Anchorage Fur Rondy Sled Dog Races.

Suzi and I started going to sled dog races in the early ‘70s when we covered the All American Champion Sled Dog Race in Ely, MN for NPR.  Alaska’s George Attla, the Husila Hustler, finished second.  Other sprint race greats like Dr. Roland Lombard from Massachusetts met in Ely for that race.  In the late ‘70s we covered the Northern Minnesota sled dog circuit for KAXE and I actually got to run George Hewitt’s team in a short race.  But everyone in Minnesota tipped their hats to the granddaddy of all sprint races, the North American Championship Race, at the Anchorage Fur Rendezvous.

I’ve gotten a chance to watch the Anchorage races several times.  It, and Fur Rondy, fell out of favor as attention moved to the long races; Minnesota’s John Beargrease, The Yukon Quest and the Iditarod.  A decade ago Rondy almost died.  Fortunately it survived.

Sprint racing is a different sport from the long haul races.  And they have evolved.  Thirty five years ago sprint dogs looked like sled dogs.  In the ‘70s we began to see other strains bread into the sled dogs.  Now many look like German Short Haired Pointers.  They have that bloodline.  The strategy is completely different from distance races.   One mistake can cost you the race.  In a distance race there are more chances to recover, and more opportunity for others to make a mistake.  One musher dropped to last place because his lead dogs got away on the second day of the Anchorage race this year.  The two minutes it took to recover was his race.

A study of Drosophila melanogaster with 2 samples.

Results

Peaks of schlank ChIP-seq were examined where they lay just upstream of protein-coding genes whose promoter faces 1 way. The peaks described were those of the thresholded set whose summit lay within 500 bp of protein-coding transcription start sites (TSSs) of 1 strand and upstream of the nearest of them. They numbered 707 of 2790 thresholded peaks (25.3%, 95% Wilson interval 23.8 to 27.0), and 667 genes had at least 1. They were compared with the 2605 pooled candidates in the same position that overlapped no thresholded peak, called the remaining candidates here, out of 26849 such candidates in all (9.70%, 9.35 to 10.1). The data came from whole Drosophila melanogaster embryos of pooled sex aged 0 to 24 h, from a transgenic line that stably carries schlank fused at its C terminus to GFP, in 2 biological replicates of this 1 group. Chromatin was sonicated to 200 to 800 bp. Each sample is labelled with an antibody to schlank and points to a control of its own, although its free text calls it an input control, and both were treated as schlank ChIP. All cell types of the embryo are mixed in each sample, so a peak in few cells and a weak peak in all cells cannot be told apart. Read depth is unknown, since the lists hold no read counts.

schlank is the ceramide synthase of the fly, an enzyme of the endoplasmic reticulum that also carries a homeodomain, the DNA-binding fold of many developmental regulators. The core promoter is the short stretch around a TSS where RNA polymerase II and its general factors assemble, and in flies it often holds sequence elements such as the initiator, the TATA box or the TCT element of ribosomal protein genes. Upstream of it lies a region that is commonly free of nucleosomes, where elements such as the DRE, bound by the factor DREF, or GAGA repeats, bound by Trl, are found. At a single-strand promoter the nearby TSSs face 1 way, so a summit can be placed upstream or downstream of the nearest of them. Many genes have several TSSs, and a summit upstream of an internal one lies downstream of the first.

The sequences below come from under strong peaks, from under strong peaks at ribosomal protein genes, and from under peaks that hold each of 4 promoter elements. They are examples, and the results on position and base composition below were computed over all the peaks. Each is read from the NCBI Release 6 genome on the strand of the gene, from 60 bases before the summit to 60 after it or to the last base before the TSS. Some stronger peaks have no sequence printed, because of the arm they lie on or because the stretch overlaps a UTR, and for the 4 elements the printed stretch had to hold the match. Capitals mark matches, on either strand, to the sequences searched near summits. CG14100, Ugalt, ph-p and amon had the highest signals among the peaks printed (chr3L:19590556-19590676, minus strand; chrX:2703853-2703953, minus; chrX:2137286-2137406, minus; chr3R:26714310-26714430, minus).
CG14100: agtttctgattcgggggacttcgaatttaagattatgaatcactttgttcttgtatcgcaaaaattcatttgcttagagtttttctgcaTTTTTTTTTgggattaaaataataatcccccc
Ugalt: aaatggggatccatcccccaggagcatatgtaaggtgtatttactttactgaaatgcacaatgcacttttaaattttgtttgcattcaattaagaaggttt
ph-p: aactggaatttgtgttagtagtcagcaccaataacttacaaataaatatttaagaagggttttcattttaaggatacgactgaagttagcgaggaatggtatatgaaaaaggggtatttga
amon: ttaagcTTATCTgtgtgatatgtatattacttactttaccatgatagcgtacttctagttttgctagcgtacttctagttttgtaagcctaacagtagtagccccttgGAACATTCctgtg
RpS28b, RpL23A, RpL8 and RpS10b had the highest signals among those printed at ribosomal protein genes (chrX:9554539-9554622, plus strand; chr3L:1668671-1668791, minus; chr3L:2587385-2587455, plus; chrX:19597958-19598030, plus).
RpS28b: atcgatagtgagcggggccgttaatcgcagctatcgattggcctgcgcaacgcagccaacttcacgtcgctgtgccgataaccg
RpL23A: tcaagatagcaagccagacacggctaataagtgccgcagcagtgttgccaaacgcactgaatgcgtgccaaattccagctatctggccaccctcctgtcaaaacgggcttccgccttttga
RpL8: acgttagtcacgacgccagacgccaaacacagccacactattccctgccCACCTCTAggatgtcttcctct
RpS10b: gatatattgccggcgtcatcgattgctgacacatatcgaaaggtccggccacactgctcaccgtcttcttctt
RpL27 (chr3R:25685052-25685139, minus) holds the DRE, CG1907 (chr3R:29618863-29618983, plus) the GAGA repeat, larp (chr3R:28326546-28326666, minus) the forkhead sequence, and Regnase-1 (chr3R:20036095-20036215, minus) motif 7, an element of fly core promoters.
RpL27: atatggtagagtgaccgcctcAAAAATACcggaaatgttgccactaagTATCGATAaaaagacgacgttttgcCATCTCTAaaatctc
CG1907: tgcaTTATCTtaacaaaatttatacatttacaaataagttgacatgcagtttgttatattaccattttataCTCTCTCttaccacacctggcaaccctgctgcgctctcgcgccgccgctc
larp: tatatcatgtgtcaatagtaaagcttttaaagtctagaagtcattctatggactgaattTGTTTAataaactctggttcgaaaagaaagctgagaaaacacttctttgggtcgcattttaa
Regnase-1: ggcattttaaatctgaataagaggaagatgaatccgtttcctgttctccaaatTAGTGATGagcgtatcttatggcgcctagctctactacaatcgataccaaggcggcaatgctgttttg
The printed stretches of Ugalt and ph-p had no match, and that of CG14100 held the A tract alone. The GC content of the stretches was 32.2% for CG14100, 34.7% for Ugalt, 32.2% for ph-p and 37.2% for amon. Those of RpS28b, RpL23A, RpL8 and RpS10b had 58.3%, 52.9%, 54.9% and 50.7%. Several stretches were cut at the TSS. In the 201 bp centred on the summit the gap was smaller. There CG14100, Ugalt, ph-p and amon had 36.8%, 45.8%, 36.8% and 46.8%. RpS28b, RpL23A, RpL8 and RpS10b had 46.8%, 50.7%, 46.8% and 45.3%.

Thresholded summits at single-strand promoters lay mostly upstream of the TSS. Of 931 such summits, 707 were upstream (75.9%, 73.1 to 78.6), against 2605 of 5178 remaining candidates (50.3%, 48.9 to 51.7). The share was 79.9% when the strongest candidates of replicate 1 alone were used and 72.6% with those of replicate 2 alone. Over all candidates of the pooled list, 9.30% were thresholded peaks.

I was particularly watching Lance Mackey.  He’s a four time winner of both the Iditarod and Yukon Quest.  He’s had a run of bad health and is not running the distance races this year.  He decided to race his “puppy team” at Rondy.  He said he would likely come in last because he does not know sprint racing.  He did better than that, coming in next to last.  But he and his dogs always got a big cheer.  He said that there would be no Iditarod if the Rondy had not set the table.  He wanted to lend his name to this race this year.

The race runs 26 miles from the start on 4th Avenue, along city streets, into parks, up a good grade to the Campbell Creek airstrip where teams can pass, up and down the strip and then back, across overpasses over the main east-west thoroughfares, past the emergency room entrance of a hospital and onto 4th.  On Thursday night dump trucks brought snow to the streets and the graders spread it out.  On Sunday they pushed it into a big berm down the middle of 4th Avenue to allow for traffic.  Friday night the ploughs will again cover 4th for the ceremonial start of the Iditarod.  Walking downtown Thursday night I listened to the calls of dogs already camped out on 4th.

On Friday we watched the race in the woods near Campbell Airstrip; on Saturday we watched the beginning of the race from 4th and the end from the top of a parking garage that gave us a good view up and down the avenue. Each team lines up at the start on 4th, in front of the Rondy Royalty in their fur coats.  One of the court members seemed to be more interested in texting than watching the race or waving to the crowd.  I have a dozen shots of her texting as teams roll past.  A snowmobile tethered to the sled holds the teams back until the start of the race.  The tether is released and the dogs are off.  At the finish mushers help their sleds along with high kicks pushing the sled like a kid on a scooter: some wave to the fans along 4th, all the mushers get a big cheer.

Saturday the Iditarod starts.  I’ll miss that but am glad I was in Anchorage for Rondy.